Adapted from a chapter in Tony Campolo’s book, Let Me Tell You a Story: Life Lessons from unexpected Places and Unlikely People:
A schoolteacher served students from several grades in a small one room schoolhouse in upstate New York, including one child who was euphemistically referred to as “special.” That particular little boy was what we might call “slow.”
When Christmas season came, the teacher decided to put on a Christmas pageant, and the special needs boy wanted to have a part in it. He didn’t just want to stand around on the stage; he wanted to have a speaking part. Part of the presentation was a dramatic interpretation of the birth of Christ in Bethlehem. They all knew that he could not remember lines very well, but they came up with what seemed like a viable solution to the problem. They told him that he could be in innkeeper. When Mary and Joseph knocked on the door of the inn, he was to open it and say, “No room!” Mary would then plead with him further, and when she finished her lines he was to say again, “No room!” and close the door.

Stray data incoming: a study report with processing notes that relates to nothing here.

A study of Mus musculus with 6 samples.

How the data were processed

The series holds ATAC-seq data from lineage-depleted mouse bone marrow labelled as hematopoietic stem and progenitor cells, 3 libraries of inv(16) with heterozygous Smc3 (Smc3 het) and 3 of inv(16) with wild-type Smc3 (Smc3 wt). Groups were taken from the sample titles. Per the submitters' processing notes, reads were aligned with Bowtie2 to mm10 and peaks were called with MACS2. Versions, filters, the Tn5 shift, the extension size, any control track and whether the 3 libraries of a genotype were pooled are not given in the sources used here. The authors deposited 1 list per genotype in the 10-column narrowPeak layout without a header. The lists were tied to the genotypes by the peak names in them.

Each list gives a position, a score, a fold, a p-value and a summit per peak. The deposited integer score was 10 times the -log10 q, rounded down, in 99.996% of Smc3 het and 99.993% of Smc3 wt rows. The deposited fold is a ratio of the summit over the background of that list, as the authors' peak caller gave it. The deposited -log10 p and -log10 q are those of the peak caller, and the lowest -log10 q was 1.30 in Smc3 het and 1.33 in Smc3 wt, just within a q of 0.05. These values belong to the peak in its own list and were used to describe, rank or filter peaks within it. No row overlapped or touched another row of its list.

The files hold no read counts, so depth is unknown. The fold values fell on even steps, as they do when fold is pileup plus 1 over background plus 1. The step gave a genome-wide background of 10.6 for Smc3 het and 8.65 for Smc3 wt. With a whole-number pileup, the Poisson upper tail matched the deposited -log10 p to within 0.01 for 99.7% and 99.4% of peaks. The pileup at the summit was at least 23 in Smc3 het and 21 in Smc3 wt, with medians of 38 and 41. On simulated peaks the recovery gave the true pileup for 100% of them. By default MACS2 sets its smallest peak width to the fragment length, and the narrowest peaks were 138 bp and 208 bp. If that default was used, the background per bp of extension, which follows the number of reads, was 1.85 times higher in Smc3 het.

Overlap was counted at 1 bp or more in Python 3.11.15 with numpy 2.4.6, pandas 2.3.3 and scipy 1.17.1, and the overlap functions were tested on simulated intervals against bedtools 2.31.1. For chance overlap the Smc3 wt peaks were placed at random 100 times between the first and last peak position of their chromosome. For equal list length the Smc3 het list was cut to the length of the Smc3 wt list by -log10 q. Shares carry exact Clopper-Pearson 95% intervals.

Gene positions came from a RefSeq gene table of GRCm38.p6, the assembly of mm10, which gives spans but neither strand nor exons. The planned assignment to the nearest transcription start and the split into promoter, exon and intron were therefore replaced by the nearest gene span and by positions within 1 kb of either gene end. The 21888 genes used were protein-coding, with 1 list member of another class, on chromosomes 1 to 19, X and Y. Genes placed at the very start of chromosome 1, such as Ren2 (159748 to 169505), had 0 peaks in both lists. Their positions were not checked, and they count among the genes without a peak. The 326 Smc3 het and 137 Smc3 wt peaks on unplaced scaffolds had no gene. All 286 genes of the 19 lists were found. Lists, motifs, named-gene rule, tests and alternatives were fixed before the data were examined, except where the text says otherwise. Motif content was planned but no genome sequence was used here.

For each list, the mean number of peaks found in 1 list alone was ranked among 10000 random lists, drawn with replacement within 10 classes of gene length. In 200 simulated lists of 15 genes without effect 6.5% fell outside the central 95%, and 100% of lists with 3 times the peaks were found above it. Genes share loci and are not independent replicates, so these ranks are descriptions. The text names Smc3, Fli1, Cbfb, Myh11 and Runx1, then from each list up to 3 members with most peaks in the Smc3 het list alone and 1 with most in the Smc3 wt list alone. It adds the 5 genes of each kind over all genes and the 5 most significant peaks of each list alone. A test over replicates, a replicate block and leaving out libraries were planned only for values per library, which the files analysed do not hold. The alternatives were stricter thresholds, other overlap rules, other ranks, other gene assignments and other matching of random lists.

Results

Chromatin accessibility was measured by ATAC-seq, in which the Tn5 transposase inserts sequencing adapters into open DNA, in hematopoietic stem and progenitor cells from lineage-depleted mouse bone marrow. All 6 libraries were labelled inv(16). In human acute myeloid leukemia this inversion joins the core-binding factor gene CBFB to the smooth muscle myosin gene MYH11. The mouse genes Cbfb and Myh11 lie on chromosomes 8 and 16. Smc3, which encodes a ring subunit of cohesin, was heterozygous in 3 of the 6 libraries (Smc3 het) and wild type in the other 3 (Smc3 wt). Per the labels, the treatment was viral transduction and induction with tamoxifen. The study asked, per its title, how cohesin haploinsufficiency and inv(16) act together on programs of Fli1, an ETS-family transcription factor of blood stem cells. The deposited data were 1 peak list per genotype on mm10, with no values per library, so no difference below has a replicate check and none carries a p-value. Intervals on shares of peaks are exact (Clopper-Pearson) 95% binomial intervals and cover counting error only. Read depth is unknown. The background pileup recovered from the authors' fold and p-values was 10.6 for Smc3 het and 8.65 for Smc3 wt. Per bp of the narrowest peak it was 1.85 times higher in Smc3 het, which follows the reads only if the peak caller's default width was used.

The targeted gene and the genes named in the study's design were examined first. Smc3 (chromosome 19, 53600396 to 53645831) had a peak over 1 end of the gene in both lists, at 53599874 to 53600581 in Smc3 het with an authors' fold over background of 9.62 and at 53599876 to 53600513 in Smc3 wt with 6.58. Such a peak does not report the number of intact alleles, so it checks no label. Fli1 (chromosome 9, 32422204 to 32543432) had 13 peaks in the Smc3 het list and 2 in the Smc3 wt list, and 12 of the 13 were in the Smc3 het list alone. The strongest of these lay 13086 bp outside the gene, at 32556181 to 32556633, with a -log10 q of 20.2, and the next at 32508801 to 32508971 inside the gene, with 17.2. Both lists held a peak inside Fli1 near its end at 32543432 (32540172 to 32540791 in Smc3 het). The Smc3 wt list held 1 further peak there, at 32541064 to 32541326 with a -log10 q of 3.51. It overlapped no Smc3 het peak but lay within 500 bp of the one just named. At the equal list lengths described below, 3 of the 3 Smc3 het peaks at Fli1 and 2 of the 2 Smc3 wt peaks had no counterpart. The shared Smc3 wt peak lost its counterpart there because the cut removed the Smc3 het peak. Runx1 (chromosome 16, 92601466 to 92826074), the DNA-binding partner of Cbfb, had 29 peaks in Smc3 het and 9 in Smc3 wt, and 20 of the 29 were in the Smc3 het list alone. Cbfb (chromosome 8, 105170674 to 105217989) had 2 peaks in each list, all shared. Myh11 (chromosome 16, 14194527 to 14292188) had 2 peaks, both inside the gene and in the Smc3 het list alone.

They thought he could handle this, but just to make sure, they appointed someone to stand near him behind the door and poke him at the proper time and whisper the right words in his ear, should he forget them. Rehearsals went fine, and all were excited about a good presentation.
The night of the Christmas pageant all seemed to be moving well until Mary and Joseph got to the inn door. Mary knocked. When our little friend opened the door he said what was expected of him: “No room!”
Mary responded, “But , sir, it’s cold. Have you no place at all where we can stay? It’s freezing and I am sick. I’m going to have a baby, and unless you help us, my baby will be born in the cold, cold night.”
The boy just stood there and said nothing. Mary looked at him and nodded her head as if to say Go ahead, it’s your turn. There was another long pause. The prompter nudged him and whispered, “No room! Say ‘No room!’”
The little guy then turned to the prompter and said, “I know what I’m supposed to say…but I’ve been thinking.” He then looked at Mary and said “…she can have my room,” and then he opened the door wide for her and Joseph.
To some, loving comes easily and almost without thinking. The rest of us must be more deliberate. Let us pray that we are open to the leading of the spirit by being more responsive to the needs of others as they come to us.